FIRST, GET THE RIGHT PEOPLE!
by Ginny Trierweiler, Ph.D., the Mission-Based Leadership Coach
When you are able to build a high functioning leadership team that is united, dynamic, and truly effective, you increase the chances that everyone in the organization is working toward the same goals. And this allows you to massively increase your results and impact.
So HOW do you build that kind of high performing leadership team?
It is NOT just a matter of luck! There are at least 10 things you can do to make this more likely– and selecting the right people for your leadership team is the first step. And, it’s one we get wrong more often than we get it right! The Gallup organization finds that businesses tend to promote the wrong people to management positions more than 80% of the time.[i]
What are we doing wrong—and what do we need to do differently?! Typically, we select individuals who are highly successful in their current role, which may not predict their success in the role we’re hiring for at all. The nurse who is the best clinician may not be the best nursing manager—the two roles require different skills and talents. If our goal is a high performing organization that makes a great impact, we must promote individuals with natural talents for leading and managing—people who are most likely to be effective in the leadership role– rather than using leadership promotions as a reward for longevity or success in a different role.
In most cases, when hiring organizational leaders, you need professionals with strong managerial talents, including the ability to effectively lead and support the job performance of others:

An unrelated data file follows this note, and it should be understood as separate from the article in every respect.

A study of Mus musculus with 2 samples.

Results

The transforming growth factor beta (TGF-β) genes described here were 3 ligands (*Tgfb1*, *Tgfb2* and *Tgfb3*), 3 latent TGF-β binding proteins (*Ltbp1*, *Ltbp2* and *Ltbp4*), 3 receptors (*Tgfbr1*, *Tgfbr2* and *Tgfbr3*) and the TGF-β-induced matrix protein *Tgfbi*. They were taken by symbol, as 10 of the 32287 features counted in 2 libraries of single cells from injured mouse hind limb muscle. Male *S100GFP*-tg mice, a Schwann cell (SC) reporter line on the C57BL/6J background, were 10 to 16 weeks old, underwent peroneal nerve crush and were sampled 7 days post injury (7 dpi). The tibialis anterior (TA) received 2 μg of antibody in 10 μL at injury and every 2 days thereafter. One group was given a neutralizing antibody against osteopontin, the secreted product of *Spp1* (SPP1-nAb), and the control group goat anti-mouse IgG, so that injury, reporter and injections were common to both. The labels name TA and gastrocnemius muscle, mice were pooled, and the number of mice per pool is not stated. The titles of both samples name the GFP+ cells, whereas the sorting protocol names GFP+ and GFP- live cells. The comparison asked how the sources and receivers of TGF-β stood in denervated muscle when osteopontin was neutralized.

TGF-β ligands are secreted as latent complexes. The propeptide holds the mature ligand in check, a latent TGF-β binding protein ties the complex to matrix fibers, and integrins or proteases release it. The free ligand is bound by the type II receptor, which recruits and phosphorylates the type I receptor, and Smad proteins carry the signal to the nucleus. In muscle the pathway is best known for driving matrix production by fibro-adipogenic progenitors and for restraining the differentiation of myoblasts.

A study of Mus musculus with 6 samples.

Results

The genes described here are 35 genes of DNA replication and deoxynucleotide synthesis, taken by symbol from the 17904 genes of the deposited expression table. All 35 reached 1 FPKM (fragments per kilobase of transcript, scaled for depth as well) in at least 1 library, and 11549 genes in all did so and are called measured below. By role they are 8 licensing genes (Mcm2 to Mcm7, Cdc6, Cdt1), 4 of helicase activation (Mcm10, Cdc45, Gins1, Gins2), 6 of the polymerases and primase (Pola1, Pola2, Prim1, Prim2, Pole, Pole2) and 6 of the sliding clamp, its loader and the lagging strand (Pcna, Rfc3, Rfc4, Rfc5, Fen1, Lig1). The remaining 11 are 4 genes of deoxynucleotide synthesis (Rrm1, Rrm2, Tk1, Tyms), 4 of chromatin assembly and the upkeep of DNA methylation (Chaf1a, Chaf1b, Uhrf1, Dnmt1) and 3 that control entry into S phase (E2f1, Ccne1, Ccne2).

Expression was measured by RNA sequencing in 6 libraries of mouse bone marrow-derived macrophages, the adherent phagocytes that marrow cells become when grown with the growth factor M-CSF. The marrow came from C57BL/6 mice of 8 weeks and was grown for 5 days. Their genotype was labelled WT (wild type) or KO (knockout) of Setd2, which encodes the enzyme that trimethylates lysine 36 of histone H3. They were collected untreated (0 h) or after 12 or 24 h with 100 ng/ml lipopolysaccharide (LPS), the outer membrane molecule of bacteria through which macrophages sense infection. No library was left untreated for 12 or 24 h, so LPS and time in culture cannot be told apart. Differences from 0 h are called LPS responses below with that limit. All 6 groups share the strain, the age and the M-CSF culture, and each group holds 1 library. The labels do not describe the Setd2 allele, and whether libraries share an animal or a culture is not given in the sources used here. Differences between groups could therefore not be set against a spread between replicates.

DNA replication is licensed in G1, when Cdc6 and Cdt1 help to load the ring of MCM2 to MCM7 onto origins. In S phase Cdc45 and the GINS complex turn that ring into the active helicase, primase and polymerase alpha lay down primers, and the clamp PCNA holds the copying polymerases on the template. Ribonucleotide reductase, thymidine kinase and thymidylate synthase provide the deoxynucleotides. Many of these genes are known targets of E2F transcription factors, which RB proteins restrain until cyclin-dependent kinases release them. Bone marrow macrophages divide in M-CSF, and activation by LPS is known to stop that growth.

- the skill to build relationships of trust and open dialogue
- a positive orientation toward challenges
- the ability to understand each employee’s individual motivations
- the perspective and skill to take action and make decisions based on what will deliver results for customers and strengthen the organization rather than for political expediency
- the assertiveness to drive outcomes and to create a culture of accountability
When hiring/ promoting managers and leaders, you need to look for the talents and skills to do those things, as well as to be able to manage meetings, projects, and budgets. In addition, it is increasingly important to select leaders with great capacity for facilitating cooperation in our increasingly networked organizations.
Again, our most common approach to selecting leaders is wrong-headed. Often, we tend to promote the person who has been a star individual performer. However, that may tell us nothing about that professional’s ability to lead so that their organization works very effectively with the rest of the organization—in fact, too often, the star individual performers continue to seek individual success, even at the cost of organizational success.
It is not easy and it’s not common to build a dynamic, united leadership team in which leaders lead in the same direction and even amplify each other’s efforts. It all starts with hiring and promoting the right leaders – a) those with natural management talents and skills and b) those who are particularly effective at networked communication and collaboration.
What do YOU do to select the best leaders for your leadership team?
Next—how to use planning to get the leadership team leading in the same direction??
[i] Randall Beck and Jim Harter, Why Good Managers are So Rare, Harvard Business Review, March 13, 2014.